The must read stories and most important developments on Monday
- Today’s major intervention by Stevens: Government must deliver on Brexit funding promises
- Today’s must read: This seismic shock to British public life will have three major implications for the NHS
- Today’s Brexit disaster: Fall in the pound could create extra £900m bill for NHS
What Brexit means for the NHS
HSJ editor Alastair McLellan has written a leader column outlining the implications of the Brexit vote on the NHS. There are three broad categories: economic, political and workforce.
On workforce, “there is no doubt the NHS has become a less welcoming and attractive place to work for overseas staff.”
The biggest battle the NHS will have to face during Brexit is to secure employment protection for EU staff. However, “this will be overseen by the newly slimmed down Department of Health, whose new structure is clearly designed to deal with realities of NHS financial and clinical performance and not the intricacies of picking apart EU regulations affecting the service”.
Alastair points out that a snap general election, if called later this year, would come just as the NHS attempts to implement both a set of measures to regain control of the finances, and to begin to reorganise services according to the sustainability and transformation planning process.
On the politics: “Many who voted to leave the European Union did so in the belief it would benefit the NHS by reducing demand and increasing funding,” he writes. “The public now expect the NHS to receive a meaningful financial injection.”
So, it seems, does Simon Stevens.
Stevens asks next PM for more money
The pledge by the Leave side to give the NHS an additional £350m a week dominated much of the referendum campaign.
It was dismissed by the Remain side, most economic forecasters, and Mr Stevens himself, who argued that any extra cash from terminating Britain’s EU membership would be far outweighed by the economic shock of exit and fall in tax revenues.
However it seems Mr Stevens will hold the politicians’ feet to the fire for the extra money.
“Both Leave and Remain campaigned for a strong - and indeed a better funded - NHS. So the public, regardless of how they voted, will rightly want our new political leaders to deliver on that promise,” he said.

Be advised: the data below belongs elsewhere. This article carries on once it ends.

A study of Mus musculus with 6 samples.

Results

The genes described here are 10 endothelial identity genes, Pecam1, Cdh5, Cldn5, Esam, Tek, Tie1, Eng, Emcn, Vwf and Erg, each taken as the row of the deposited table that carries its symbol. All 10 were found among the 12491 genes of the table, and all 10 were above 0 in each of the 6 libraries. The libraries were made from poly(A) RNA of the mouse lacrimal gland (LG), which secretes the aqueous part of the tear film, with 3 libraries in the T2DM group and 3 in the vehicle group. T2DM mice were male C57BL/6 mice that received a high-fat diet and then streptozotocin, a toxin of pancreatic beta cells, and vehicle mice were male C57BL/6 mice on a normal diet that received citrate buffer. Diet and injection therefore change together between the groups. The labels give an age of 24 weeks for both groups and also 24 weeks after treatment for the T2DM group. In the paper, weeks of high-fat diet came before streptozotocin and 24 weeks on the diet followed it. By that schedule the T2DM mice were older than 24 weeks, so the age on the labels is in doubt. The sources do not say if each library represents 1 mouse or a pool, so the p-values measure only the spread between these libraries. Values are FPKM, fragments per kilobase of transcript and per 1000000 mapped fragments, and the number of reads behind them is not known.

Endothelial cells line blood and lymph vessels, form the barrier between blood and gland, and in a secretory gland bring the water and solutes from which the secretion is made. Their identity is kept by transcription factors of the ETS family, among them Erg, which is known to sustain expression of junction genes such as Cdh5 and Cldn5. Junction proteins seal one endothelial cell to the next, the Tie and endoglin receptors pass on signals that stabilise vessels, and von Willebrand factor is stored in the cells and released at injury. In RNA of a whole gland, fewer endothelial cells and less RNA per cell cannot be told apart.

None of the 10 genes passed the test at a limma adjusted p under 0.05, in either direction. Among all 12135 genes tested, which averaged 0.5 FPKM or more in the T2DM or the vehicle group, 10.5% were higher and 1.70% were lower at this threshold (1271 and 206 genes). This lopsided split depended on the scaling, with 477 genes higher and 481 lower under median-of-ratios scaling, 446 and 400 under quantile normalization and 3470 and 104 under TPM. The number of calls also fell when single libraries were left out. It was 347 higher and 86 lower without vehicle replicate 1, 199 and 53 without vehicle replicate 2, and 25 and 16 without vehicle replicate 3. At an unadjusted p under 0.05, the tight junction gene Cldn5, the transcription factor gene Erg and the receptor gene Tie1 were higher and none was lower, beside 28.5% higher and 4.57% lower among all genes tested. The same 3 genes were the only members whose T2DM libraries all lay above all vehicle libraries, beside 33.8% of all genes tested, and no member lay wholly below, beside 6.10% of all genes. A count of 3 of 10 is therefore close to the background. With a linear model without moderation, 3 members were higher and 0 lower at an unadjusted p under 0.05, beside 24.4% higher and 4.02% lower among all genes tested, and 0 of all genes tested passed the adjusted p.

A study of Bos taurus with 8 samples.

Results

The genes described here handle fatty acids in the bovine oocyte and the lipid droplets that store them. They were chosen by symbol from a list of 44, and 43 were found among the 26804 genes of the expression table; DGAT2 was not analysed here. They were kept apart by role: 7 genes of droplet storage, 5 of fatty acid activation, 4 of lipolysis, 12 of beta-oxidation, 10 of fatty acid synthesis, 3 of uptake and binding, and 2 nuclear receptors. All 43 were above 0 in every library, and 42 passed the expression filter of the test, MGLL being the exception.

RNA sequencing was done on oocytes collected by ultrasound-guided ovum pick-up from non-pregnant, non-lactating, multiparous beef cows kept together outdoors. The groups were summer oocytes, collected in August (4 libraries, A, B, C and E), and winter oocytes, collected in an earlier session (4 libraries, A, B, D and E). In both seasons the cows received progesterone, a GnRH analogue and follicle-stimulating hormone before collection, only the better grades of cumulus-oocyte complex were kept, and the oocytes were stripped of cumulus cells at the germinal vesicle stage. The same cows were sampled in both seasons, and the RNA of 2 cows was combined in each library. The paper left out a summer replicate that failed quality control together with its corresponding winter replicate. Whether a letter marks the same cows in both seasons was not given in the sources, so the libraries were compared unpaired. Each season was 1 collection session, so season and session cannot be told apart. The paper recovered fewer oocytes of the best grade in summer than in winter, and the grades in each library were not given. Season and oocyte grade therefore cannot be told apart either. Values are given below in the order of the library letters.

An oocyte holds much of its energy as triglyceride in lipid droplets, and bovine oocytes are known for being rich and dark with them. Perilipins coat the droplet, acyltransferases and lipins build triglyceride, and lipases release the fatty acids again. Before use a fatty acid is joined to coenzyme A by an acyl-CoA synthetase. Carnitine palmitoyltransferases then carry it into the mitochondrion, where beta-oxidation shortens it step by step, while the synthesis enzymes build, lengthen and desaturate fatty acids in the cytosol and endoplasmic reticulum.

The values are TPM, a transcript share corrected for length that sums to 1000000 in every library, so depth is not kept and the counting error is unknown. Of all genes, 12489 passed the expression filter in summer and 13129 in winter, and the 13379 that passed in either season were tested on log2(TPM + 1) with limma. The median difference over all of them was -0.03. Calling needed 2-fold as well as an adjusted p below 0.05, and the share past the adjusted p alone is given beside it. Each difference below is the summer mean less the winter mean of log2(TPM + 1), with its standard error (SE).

Mr Stevens added his voice to Sir Bruce Keogh and Jeremy Hunt’s in celebrating the contribution that workers from abroad have made to the NHS.
He said it was a “statement of the obvious” that the NHS would “continue to need and benefit from their service in the years ahead”.
All in all, the message from Mr Stevens to the service is to keep calm and carry on. Instead of being caught up in the “Westminster swirl”, he promised NHS England would be “a steady hand on the tiller, providing operationally independent leadership for the NHS on behalf of patients and the public”.
After months of controversy and embarrassing revelations Dame Julie Mellor has today resigned as the Parliamentary Health Service Ombudsman.
News of her resignation leaked today and comes after the involvement of her former deputy in a sexual harassment cover-up at an NHS trust – exposed by HSJ in February.
Dame Julie Mellor’s departure comes four months after we revealed she had been made aware of the role played by her deputy, Mick Martin, in covering up a harassment case while he was acting chair at Derbyshire Healthcare Foundation Trust.
An investigation has been carried out by Sir Alex Allan, former chair of the Joint Intelligence Committee, into what Dame Julie knew about Mr Martin’s role and her failure to act.
The final report is due to be published soon.
HSJ has previously reported that Dame Julie was sent a copy of the ruling of an employment tribunal in July last year, including concerns about Mr Martin’s behaviour. Dame Julie replied only to say that she “noted” the concerns. Mr Martin continued to work as PHSO managing director and deputy ombudsman until after HSJ revealed his involvement in the case earlier this year.
In recent months whistleblowers have spoken out about the “toxic environment” at the PHSO under Dame Julie and Mr Martin, as well as other revelations about how the watchdog has operated under her leadership.
In her resignation letter to Bernard Jenkin MP, the chair of the Commons public administration and constitutional affairs committee, Dame Julie urged him and the government to consider a joint appointment across both the PHSO and the local government ombudsman.